Huawei's chief financial officer Meng Wanzhou returned to a Canadian court this week as her legal battle against extradition to the U.S. continued, making her first appearance since U.S. media reported that the U.S. Department of Justice is discussing a deal to set her free in exchange for Meng admitting wrongdoings in a criminal case.
Going back to court indicated that Meng has not fallen into a trap set by the U.S. government, China Central Television reported on Tuesday, as the way the U.S. Department of Justice is handling the case is repeating the scenarios about how it handled the case of former Alstom executive Frederic Pierucci. Some Canadian legal experts urged Meng and Huawei not to be framed by U.S. authorities.
The ongoing hearing will focus on the question of the abuse of process, with returning witness Royal Canadian Mounted Police Sergeant Ross Lundi, who was in charge of police operations at the Vancouver airport, according to the South Morning China Post.
Meng, 48, who is also the daughter of the Chinese high-tech company's founder Ren Zhengfei, was arrested at Vancouver International Airport on December 1, 2018 at the request of the U.S., and faces fraud charges.
With more Canadian politicians calling for her release, the high-profile case has been consistently drawing attention from Chinese authorities, academics, businesses and ordinary citizens, as they agree on the political nature of the case, saying that Canada's so-called judicial independence has been severely undermined by the Trump administration amid escalating U.S.-China confrontations.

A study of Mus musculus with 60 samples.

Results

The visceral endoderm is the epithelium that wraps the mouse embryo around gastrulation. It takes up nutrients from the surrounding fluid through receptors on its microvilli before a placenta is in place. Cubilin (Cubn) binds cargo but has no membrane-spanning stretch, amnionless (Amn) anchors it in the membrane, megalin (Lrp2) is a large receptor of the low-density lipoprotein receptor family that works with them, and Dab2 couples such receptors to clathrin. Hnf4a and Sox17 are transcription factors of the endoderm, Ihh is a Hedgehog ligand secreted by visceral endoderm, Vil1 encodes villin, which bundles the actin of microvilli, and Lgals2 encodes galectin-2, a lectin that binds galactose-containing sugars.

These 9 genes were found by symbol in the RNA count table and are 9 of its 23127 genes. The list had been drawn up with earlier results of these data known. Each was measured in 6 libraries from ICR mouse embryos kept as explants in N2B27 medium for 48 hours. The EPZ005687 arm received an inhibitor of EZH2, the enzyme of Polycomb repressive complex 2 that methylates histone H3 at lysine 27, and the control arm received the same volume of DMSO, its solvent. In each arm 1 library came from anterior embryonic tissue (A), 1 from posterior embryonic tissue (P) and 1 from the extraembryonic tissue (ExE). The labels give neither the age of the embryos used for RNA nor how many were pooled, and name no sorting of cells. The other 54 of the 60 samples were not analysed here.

The Wall Street Journal reported on Thursday that the U.S. Justice Department is discussing a deal with Meng that would allow her to return to China from Canada, but she has to admit to some of the allegations against her.
However, the proceedings concerning the cross-examination have been completed for the most part, while some legal professionals believe that the second branch of the judgment may be advantageous to Meng, who should remain cautious about a so-called plea for release under certain conditions.
"Absolutely, I think it would be a trap," Gary Botting, a Canadian legal expert and author of several books on extradition, told the Global Times on Tuesday.
The trouble is, once Meng admits to wrongdoings, she has a criminal record, and any number of countries (including Canada) can move to exclude her by their immigration rules, he noted.
Chinese Foreign Ministry spokesperson Hua Chunying reiterated that Meng is innocent and did not commit any of the crimes the U.S. and Canada have accused her of.
"Of course the U.S. has doubts about winning Meng's case," Botting said, noting that the U.S. miscalculated what a mess it would make to have the Huawei CFO indicted for alleged fraud, on which Canada has no way to prosecute her.
Some legal experts said that Meng's defense team has made a strong case for extradition to be refused on "abuse of process" grounds so that she will walk free anyway, and Canada should unconditionally release her as an opportunity to boost its ties with China.